ASWM has been a valuable source for wetland-related news for over 10 years. It publishes the monthly "Wetland Breaking News," which is widely read as a national publication. News items are also posted under major topic categories, for example, climate change, Gulf oil spill, state wetland program news and job postings. These can be found in the drop-down menu below "News," or select a news topic from the list below, then select a news article to read. In Wetland Breaking Newsaddition to publishing WBN, the Association also offers original content with announcements, legal analysis, quirky wetland stories and more on its weekly blog, The Compleat Wetlander.

By Graham Readfearn – The Guardian –  May 24, 2013

When it comes to understanding the impact of human emissions on the climate, thousands of studies published over decades are what builds understanding. And so we come to new research published in the journal Nature Geoscience suggesting global warming might not occur quite so quickly as other studies have suggested it would. New Scientist magazine said the study could mean the world had a "second chance" to avoid dangerous climate change. The BBC reported how the study had concluded that the rate of global warming would "lead to lower temperature rises in the short term". The Sydney Morning Heraldalso reported that the study "could" mean global warning might be slower in the short term. For full story, click here.

U.S. Environmental Protection Agency

The U.S. Environmental Protection Agency (EPA) is proposing rule updates to federal water quality standards regulations. For the first time in 30 years, EPA is proposing changes to the core requirements of the federal water quality standards (WQS) regulation that interprets part of the Clean Water Act. The proposed rule addresses the following key areas: Administrator's determinations that new or revised WQS are necessary, designated uses, triennial reviews, antidegradation, variances to WQS, and compliance schedule authorizing provisions. Proposed changes are available online here. EPA will accept public comments now through December 3, 2013. Details on how to submit formal comments are available here. In addition EPA is hosting two public webinars and one public meeting during the public comment period. To register for the webinars and find more information about the proposed revisions please click here.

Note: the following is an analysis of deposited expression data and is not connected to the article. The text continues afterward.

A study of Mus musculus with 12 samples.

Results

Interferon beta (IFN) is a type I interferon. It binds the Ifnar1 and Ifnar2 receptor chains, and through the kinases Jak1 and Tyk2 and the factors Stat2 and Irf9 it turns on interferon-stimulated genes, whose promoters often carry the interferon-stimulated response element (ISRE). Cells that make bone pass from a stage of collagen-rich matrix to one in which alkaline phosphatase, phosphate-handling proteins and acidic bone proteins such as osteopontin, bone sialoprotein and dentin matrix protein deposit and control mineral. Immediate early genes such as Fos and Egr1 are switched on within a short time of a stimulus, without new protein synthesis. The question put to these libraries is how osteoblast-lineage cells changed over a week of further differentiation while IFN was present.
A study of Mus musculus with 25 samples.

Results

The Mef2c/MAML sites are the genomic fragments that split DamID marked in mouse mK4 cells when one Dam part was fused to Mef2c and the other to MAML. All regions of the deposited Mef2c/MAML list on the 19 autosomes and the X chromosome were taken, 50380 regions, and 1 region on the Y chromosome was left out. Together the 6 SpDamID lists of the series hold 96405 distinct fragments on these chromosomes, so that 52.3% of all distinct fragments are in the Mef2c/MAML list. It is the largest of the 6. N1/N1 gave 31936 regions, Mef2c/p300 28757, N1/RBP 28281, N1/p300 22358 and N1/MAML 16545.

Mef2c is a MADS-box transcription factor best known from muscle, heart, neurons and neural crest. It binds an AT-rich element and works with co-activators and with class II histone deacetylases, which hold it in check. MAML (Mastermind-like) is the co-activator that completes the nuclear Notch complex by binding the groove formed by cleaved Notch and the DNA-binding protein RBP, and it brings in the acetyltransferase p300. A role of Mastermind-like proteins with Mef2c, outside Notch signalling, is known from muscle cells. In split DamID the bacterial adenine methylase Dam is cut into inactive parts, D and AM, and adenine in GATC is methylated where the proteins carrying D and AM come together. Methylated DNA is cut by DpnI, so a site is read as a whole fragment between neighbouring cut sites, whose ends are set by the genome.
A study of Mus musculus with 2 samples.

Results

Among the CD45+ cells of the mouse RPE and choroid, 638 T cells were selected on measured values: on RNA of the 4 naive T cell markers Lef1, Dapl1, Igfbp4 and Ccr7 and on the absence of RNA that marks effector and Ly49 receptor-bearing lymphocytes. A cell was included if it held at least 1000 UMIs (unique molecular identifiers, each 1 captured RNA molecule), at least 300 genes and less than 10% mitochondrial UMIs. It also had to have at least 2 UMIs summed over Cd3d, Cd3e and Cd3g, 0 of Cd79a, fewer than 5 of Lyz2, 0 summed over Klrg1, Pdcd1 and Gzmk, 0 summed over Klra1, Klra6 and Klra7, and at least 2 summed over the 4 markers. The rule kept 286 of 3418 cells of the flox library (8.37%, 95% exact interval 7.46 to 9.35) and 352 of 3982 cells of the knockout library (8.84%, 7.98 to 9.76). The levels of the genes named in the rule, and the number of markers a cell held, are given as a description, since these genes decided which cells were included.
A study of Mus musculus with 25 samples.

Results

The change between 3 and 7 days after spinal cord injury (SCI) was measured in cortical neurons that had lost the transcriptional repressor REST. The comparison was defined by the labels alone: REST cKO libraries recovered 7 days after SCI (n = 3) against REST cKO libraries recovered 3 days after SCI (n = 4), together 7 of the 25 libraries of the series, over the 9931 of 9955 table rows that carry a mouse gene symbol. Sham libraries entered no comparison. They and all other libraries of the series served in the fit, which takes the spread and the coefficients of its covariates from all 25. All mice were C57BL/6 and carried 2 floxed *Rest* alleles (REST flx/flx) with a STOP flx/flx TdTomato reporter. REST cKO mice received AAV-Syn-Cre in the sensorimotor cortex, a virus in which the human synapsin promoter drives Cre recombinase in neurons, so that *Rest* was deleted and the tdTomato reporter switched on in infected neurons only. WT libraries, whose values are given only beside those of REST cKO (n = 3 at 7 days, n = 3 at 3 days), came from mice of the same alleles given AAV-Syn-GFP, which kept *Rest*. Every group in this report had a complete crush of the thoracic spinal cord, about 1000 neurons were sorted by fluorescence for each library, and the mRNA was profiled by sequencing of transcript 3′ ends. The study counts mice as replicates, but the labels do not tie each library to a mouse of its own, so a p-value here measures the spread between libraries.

By Lawrence LeBlond – redOrbit – May 24, 2013

In July 2012 the Union of Concerned Scientists (UCS) released an infographic detailing the associations between extreme weather in the US and the evidence of climate change. In the report, the graph explained that strong evidence of climate change was seen in droughts, coastal flooding and heat waves, while limited evidence was seen for tornadoes and hurricanes. However, on the heels of devastating events, such as last fall’s superstorm Hurricane Sandy and this past week’s Moore, Oklahoma tornado tragedy, policymakers and elected officials seem to come out of the woodwork to either place blame on climate change or negate the fact that it exists altogether. And these accusations have typically come without first having the hard facts in their hands. For full story, click here.